TOKYO (AP) -- At least two Japanese exchange students were trapped and another 11 missing in the powerful New Zealand earthquake after it sent their language school tumbling down around them as they ate lunch, school and government officials said.

A group of 23 students and teachers from Toyama College of Foreign Languages was eating lunch when the quake struck Tuesday, severely damaging the building.

One of the teachers had earlier e-mailed her family in Japan that she was trapped in the building with some of the students, according to the head of the school.

The two teachers and eight of the students were rescued from the twisted building, while two more students were still stuck inside Tuesday evening. Some of the rescued had broken bones, and the remaining 11 students were still unaccounted for.

Japanese media reported that the other teacher is a New Zealand native who taught at the school in Toyama, on Japan's western coast.

The Daily Yomiuri newspaper identified him as David Horsley on its English twitter page.

Hisao Yoshida, head of the Toyama College of Foreign Languages, said the group was eating lunch at a language school called King's Education when the quake hit. According to King's Education Ltd.'s website, it is located in Christchurch's CTV building, which was toppled by the quake.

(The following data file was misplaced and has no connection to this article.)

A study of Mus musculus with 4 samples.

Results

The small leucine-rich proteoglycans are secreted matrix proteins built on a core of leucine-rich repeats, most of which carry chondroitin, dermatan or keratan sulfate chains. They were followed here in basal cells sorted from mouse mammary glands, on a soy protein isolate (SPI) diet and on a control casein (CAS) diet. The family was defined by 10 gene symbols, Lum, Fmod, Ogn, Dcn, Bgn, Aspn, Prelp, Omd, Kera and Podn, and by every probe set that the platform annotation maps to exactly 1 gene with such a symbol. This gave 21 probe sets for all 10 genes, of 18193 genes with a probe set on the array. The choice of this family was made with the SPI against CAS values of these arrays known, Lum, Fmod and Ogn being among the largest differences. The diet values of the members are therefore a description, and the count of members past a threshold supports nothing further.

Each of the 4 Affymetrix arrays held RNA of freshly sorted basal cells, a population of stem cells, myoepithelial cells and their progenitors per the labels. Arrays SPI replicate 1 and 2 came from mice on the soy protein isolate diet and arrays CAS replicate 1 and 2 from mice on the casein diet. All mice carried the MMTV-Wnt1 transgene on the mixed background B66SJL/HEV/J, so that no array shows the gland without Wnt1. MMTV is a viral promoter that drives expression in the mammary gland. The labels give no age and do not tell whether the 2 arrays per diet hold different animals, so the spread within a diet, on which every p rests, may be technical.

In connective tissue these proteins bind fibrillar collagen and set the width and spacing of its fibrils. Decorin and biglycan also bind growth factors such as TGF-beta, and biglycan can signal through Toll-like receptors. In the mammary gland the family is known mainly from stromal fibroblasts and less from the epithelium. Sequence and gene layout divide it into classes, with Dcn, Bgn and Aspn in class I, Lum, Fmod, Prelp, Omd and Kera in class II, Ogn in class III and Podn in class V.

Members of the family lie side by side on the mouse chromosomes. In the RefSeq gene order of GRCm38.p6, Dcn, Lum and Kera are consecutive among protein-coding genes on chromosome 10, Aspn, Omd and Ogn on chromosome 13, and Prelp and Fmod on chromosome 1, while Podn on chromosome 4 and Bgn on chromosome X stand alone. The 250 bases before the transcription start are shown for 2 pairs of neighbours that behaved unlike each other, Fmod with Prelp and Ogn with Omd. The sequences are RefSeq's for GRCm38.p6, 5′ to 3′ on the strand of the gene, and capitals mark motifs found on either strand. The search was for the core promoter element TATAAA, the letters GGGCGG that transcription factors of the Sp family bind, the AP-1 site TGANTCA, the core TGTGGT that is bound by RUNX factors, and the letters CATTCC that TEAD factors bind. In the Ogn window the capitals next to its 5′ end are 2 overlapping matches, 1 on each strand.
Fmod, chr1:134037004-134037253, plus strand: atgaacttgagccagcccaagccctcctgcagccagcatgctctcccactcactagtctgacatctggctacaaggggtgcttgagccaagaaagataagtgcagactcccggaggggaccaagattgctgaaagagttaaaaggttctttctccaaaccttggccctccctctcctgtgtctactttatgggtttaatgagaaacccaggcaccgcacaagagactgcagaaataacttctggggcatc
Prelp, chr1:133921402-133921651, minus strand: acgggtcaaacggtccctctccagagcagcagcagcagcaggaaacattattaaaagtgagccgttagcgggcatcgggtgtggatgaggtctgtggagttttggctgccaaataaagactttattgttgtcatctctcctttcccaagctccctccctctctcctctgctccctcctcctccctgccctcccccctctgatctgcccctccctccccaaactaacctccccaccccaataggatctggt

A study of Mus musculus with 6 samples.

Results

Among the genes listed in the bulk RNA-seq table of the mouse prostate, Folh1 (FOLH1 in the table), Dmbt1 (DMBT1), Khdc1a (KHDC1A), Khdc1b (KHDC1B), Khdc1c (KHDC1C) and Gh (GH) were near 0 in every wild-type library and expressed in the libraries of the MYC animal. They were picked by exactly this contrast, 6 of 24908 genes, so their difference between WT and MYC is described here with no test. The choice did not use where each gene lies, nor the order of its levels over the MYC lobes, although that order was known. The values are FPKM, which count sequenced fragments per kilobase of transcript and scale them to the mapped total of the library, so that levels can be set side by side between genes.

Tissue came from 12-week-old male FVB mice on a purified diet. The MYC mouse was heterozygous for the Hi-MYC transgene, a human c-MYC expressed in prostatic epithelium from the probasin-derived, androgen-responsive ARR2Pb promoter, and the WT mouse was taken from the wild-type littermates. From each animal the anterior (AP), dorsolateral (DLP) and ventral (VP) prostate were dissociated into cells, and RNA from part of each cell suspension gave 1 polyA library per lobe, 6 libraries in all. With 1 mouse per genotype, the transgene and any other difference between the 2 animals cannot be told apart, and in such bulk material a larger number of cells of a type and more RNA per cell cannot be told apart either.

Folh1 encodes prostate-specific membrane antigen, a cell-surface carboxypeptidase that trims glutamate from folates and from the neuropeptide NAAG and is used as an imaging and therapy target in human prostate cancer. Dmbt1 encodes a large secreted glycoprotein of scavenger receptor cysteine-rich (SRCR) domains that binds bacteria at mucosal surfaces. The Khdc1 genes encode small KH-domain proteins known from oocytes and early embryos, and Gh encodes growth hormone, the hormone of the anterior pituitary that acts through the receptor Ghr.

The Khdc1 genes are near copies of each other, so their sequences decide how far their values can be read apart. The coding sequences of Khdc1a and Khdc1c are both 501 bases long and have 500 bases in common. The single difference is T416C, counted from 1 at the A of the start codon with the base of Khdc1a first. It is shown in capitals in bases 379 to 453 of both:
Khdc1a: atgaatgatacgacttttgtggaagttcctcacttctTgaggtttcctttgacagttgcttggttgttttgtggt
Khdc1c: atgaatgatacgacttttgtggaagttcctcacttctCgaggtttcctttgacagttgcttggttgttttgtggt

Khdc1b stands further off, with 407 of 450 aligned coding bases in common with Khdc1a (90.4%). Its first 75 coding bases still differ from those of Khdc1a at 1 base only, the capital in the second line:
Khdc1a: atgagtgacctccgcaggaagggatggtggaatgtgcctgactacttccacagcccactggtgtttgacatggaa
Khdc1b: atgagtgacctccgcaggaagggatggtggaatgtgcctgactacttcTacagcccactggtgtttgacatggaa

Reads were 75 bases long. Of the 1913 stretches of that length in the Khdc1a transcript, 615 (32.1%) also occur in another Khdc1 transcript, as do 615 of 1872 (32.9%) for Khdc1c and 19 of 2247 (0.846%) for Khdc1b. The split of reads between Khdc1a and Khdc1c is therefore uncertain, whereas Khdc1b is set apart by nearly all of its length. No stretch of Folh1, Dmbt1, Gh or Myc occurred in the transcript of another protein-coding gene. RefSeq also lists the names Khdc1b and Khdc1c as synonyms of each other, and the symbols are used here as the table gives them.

The earthquake hit Christchurch, one of New Zealand's biggest cities, during a workday, toppling tall buildings and churches, crushing buses and killing at least 65 people in one of the country's worst natural disasters.
   
The students arrived last week and were to stay in the country to study English through March 13, Yoshida said.

Yukio Edano, Japan's Chief Cabinet Secretary, said the government was working to gather more details.